Interrobang Rewind: American Idiot — Green Day

Cover of the album American Idiot CREDIT: REPRISE/WARNER MUSIC GROUP
After two political songs, the album leaves politics behind to focus on the story of Jesus of Suburbia, deciding apathy is the best way to cope with disillusionment.

If you asked someone to name one Green Day song, overwhelmingly, the answer is going to be “American Idiot.” The song is their biggest single and the album of the same name, while arguably not their best work, is definitely one of their most popular.

This Rewind is going to be a little different in comparison to the other reviews. I want to go a little more in depth into the background of this album and why it’s still relevant today. The time when the album was released is so much more interesting to me than just the music. Plus, everyone and their mother has talked about the songs on this album, and frankly there’s only so many ways I can say, “I like this one.”

American Idiot, released on Sept. 21, 2004, is the band’s seventh studio album. It’s a concept album that follows the story of the “Jesus of Suburbia,” a lower-middle-class American teen, disillusioned with the state of America that was introduced in the previous song, “American Idiot.” The America painted in the song is a country wracked by paranoia and “us-vs-them” mentality. News has become less about journalism and more akin to reality television, a nation of hysteria. And it’s not far off from the reality of the time.

Navigator. Londons student lifestyles magazine.

The entire album was written during the War on Terror, specifically during the beginning of the Iraq War, and was released during then President George W. Bush’s re-election campaign. I was born into a post 9/11 world, so I don’t know much about the time before 9/11, but from speaking with people who were teens or adults at the time, there was a nearly overnight change. Paranoia and anxiety regarding any future attacks was rampant, leading to the creation of the Department of Homeland Security and the passing of the PATRIOT Act, two very controversial decisions with ramifications that are still being felt today.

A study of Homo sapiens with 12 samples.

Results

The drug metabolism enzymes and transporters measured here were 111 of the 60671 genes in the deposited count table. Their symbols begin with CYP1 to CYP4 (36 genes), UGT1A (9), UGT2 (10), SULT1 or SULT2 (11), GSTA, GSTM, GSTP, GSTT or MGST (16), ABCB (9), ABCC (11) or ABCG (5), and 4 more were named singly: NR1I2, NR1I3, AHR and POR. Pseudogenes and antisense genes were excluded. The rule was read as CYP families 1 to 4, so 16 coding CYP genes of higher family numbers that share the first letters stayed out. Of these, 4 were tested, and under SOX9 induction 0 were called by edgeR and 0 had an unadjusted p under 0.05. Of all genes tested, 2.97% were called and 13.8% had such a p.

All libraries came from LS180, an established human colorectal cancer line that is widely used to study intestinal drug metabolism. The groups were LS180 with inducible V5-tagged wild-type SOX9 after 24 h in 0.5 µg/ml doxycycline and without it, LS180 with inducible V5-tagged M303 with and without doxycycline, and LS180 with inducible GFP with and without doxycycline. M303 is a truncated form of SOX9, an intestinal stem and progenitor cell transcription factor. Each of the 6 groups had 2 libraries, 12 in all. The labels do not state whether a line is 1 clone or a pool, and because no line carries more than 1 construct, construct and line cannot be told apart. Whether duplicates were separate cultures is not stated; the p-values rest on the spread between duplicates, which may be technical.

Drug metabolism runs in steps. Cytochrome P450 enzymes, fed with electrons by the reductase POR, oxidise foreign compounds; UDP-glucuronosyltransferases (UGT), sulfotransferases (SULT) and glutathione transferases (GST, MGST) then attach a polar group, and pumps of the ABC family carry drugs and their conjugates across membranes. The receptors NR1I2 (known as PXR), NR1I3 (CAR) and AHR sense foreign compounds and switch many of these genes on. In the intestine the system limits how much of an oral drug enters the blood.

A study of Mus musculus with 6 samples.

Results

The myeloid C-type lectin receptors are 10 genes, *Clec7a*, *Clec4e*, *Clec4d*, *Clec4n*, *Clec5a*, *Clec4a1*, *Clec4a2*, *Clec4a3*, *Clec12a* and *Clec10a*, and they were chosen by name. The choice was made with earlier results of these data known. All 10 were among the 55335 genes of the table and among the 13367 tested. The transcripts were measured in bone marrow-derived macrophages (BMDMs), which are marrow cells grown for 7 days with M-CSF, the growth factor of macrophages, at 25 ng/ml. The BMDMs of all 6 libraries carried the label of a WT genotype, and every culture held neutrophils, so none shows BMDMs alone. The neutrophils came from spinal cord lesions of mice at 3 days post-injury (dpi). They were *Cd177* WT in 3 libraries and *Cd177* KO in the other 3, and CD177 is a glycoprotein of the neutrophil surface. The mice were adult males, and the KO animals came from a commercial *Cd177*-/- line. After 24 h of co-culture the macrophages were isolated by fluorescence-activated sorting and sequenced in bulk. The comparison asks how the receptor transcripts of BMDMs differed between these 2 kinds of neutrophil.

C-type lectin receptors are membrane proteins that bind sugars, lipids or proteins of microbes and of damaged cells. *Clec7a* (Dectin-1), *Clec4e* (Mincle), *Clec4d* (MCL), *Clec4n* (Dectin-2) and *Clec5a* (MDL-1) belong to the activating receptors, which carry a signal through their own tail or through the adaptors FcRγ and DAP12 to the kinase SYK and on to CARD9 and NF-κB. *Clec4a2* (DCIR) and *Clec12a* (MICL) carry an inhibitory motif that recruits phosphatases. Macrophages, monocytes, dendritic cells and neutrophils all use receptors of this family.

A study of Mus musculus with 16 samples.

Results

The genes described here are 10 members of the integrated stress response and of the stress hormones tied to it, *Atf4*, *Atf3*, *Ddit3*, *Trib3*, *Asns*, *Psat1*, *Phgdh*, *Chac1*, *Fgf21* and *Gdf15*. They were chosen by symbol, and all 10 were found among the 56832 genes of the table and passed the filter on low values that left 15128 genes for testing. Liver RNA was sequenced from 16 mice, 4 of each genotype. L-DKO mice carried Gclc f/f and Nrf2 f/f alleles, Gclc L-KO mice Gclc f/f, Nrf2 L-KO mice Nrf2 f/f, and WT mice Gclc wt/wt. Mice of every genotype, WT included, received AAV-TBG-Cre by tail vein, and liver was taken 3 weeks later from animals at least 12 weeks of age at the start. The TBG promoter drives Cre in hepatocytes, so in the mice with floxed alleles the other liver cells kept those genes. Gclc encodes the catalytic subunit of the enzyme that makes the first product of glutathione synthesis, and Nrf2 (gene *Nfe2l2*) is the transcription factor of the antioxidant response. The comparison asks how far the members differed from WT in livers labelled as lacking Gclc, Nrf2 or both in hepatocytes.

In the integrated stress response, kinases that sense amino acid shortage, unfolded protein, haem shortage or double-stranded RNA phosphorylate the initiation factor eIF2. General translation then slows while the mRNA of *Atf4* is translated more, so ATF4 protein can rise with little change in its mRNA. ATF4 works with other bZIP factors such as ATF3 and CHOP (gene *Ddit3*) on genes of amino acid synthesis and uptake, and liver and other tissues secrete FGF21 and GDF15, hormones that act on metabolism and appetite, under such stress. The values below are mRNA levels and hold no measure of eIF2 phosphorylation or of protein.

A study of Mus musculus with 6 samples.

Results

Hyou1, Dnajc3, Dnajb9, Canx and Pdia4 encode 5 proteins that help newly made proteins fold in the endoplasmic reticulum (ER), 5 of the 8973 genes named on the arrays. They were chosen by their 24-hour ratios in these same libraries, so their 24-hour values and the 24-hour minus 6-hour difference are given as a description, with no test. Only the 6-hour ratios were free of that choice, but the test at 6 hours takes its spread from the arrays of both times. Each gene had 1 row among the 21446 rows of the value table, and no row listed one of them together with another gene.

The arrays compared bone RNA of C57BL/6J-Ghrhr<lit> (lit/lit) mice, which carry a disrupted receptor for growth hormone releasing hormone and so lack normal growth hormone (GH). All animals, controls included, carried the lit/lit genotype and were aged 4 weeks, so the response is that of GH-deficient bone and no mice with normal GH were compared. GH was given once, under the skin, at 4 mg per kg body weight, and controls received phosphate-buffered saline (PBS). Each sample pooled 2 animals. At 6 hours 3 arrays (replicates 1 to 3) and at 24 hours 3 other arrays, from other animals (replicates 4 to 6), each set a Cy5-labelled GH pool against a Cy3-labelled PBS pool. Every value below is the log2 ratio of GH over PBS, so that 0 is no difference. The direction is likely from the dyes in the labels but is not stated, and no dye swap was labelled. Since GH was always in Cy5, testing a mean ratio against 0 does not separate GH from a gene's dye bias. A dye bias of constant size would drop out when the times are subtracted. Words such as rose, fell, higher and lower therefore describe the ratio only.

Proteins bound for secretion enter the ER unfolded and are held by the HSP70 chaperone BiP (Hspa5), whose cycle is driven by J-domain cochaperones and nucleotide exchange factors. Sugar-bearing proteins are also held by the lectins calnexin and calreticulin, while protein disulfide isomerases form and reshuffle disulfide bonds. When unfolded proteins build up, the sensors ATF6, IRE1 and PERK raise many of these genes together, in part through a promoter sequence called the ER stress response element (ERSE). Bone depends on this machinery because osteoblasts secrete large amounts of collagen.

American Idiot came at a time where young people were looking for any way to lash out against the disillusionment and paranoia that engulfed their lives. Its approachable sound allowed people to latch onto the message that songs like the title track and “Holiday” tried to get across.

Releasing an album that not only calls out the war in Iraq as what it was (bullshit), but also directly calls the people behind the war idiots during a time when Bush had a 90 per cent approval rating, the army had the most support it had since WW2, and American nationalism was soaring. Well, it was definitely a risky move.

The Chicks made one comment about the war in 2003 and were blacklisted by many radio stations. They’ve never really recovered from the backlash.

But where was the outcry when Green Day did the same? No one was blacklisting American Idiot from radio, nor were any band members sent death threats. Why is that?

American Idiot is no doubt a political album, but it’s a political album for two, maybe three songs. It’s also a coming-of-age album, a rock opera, and a romance album all at the same time. The album ends up getting bogged down in its attempt to be all these things, and as a consequence, the messages come out a little fuzzy.

If I had to guess, the message of American Idiot isn’t political enough to stand out against Green Day’s music. No one remembers the anti-war verses of “Holiday,” they remember the chorus, because it’s easy to sing along to. After two political songs, the album leaves politics behind to focus on the story of Jesus of Suburbia, deciding apathy is the best way to cope with disillusionment.

American Idiot doesn’t try to fix things, it simply says, “the ship is sinking, and we’re all going down with it.”

But that’s looking at it from the lens of a young adult in 2022. The state of politics now is the same as it was in 2004, just amplified. Young people are the most disillusioned with their future they’ve ever been, most western countries are divided, and we’re still fighting across the ocean. I’m tired of apathy. I just want things to be better.

Editorial opinions or comments expressed in this online edition of Interrobang newspaper reflect the views of the writer and are not those of the Interrobang or the Fanshawe Student Union. The Interrobang is published weekly by the Fanshawe Student Union at 1001 Fanshawe College Blvd., P.O. Box 7005, London, Ontario, N5Y 5R6 and distributed through the Fanshawe College community. Letters to the editor are welcome. All letters are subject to editing and should be emailed. All letters must be accompanied by contact information. Letters can also be submitted online by clicking here.